Heerema Marine Contractors Develops Concepts for Silent Foundations
DNV GL awarded Heerema Marine Contractors Statements of Feasibility for two concepts designed to reduce the noise of offshore structure installation.
Heerema Marine Contractors has been awarded Statements of Feasibility by DNV GL for two offshore foundation concepts that it has been developing with the assistance of the University of Dundee. The two concepts, which the Dutch company has termed “silent foundations,” are aimed at installation without the loud hammering typical of installation of pile foundations for offshore structures. Such noise can harm marine life, and existing noise-mitigation systems often produce carbon dioxide. The systems under development, termed push-in piles and helical or screw piles, reflect an initiative by the Leiden-based company to support environmentally sustainable marine operations.
The Statements of Feasibility represent the first formal step toward qualification of the concepts for field use. They were granted after a process, conducted throughout 2020 using online formats, that included testing and modeling at the University of Dundee, technology qualification, and workshops held with DNV GL to review foundational concepts and stages of development.
While the offshore industry has been transformed by the need for operations mindful of sustainability, noise pollution remains an area with a significant development gap. Noisy offshore construction, dependent on heavy and powerful machinery, can present a profound threat to marine life, both causing direct hearing damage and disrupting communication and navigational signals, which in turn can disrupt migration. Many nations have implemented underwater noise-level restrictions, but the concepts of silent foundations represent an approach to noise abatement that exceeds existing standards.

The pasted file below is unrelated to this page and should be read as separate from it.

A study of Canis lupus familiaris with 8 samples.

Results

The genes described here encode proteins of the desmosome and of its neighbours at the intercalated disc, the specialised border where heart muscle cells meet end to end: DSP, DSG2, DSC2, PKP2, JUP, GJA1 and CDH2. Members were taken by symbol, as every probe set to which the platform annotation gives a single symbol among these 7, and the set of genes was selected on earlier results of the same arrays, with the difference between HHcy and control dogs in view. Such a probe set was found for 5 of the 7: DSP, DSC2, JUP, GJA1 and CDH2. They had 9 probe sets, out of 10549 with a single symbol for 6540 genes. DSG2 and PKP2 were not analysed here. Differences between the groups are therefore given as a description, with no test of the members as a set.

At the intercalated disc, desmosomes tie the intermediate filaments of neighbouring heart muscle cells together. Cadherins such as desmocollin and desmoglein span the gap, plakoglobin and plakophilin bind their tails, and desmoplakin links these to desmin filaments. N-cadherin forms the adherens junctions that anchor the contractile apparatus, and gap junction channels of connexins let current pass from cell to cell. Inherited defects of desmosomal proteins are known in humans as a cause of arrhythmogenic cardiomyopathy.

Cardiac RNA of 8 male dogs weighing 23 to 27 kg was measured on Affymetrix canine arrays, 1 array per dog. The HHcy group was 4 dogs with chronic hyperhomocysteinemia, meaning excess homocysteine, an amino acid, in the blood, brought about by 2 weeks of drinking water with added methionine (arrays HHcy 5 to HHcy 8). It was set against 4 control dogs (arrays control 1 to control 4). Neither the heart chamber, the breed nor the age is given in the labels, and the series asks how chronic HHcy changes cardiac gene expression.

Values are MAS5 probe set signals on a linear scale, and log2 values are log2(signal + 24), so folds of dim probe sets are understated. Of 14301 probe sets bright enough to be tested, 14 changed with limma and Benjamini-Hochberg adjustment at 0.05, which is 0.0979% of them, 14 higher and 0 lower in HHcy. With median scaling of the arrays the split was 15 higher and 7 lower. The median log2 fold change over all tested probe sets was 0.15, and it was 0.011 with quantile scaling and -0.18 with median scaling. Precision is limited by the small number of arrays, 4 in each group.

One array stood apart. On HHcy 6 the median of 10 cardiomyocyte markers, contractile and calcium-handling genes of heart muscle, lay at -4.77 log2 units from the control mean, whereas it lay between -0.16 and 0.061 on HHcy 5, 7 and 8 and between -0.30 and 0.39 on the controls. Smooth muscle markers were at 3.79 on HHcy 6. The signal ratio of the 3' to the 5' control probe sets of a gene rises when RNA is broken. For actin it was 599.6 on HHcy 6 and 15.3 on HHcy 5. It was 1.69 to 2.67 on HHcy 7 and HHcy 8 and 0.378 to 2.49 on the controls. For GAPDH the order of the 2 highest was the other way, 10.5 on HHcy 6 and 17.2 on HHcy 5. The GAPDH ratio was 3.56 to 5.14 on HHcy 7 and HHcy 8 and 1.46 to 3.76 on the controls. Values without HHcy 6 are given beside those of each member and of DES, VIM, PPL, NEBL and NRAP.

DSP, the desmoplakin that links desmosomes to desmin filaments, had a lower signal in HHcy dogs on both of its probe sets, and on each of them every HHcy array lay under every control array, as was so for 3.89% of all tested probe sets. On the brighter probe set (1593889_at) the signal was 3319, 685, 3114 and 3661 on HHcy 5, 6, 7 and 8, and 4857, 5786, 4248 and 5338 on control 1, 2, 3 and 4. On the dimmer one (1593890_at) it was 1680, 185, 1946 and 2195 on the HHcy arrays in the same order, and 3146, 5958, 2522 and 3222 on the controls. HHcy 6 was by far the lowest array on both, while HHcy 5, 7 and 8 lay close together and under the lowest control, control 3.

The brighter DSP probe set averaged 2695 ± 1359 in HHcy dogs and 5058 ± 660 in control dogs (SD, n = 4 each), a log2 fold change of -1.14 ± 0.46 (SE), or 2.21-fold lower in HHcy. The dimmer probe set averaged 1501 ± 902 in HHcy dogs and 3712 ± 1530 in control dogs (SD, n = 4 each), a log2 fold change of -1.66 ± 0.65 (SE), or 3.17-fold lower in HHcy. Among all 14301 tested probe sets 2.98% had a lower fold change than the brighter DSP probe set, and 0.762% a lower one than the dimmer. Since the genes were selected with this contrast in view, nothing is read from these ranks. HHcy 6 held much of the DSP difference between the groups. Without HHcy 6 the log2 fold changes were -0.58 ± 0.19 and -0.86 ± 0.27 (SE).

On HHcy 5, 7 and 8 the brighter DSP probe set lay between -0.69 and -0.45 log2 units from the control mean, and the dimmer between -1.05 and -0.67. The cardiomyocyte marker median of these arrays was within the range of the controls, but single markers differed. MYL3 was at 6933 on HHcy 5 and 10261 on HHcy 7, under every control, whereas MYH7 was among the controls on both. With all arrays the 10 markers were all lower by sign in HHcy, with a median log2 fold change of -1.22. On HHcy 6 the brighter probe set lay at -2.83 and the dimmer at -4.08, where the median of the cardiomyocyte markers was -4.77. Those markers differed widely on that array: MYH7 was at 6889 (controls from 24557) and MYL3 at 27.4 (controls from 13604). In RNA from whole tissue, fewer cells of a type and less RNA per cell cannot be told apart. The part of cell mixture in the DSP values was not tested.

The first of the two concepts, push-in pile design, replaces a traditional single open tubular pile with a cluster of four smaller-diameter open tubular piles. In a number of strokes, each of the piles in this cluster is statically pushed into the soil, with two or three piles of the cluster providing the uplift resistance required to push in a third pile, with a tool gripping on the uplift piles and pushing down onto the pile that is penetrating. By pushing in each of the piles sequentially while holding on to others, the whole cluster is implanted into the seabed.
The helical pile foundation, which has been used onshore in the past, suits foundations that require shallow penetration in the seabed. This concept replaces a traditional single open tubular pile offshore with one or more helical piles. The novelty of the concept developed by Heerema is the large pile size and the use of a very large rig that will make it possible to screw the pile down, plus the option to use a pile with different diameters along its length. The pile uses a helical blade at its tip that rotates during installation to allow the pile to penetrate the soil. This concept includes a moment arm that will connect to one of the company’s vessels to provide the required reaction force. Also, the pile design improves the cost and sustainability of operations at the end of life; when the process is reversed, foundations can be removed, allowing low-cost decommissioning and full recycling or reuse of piles.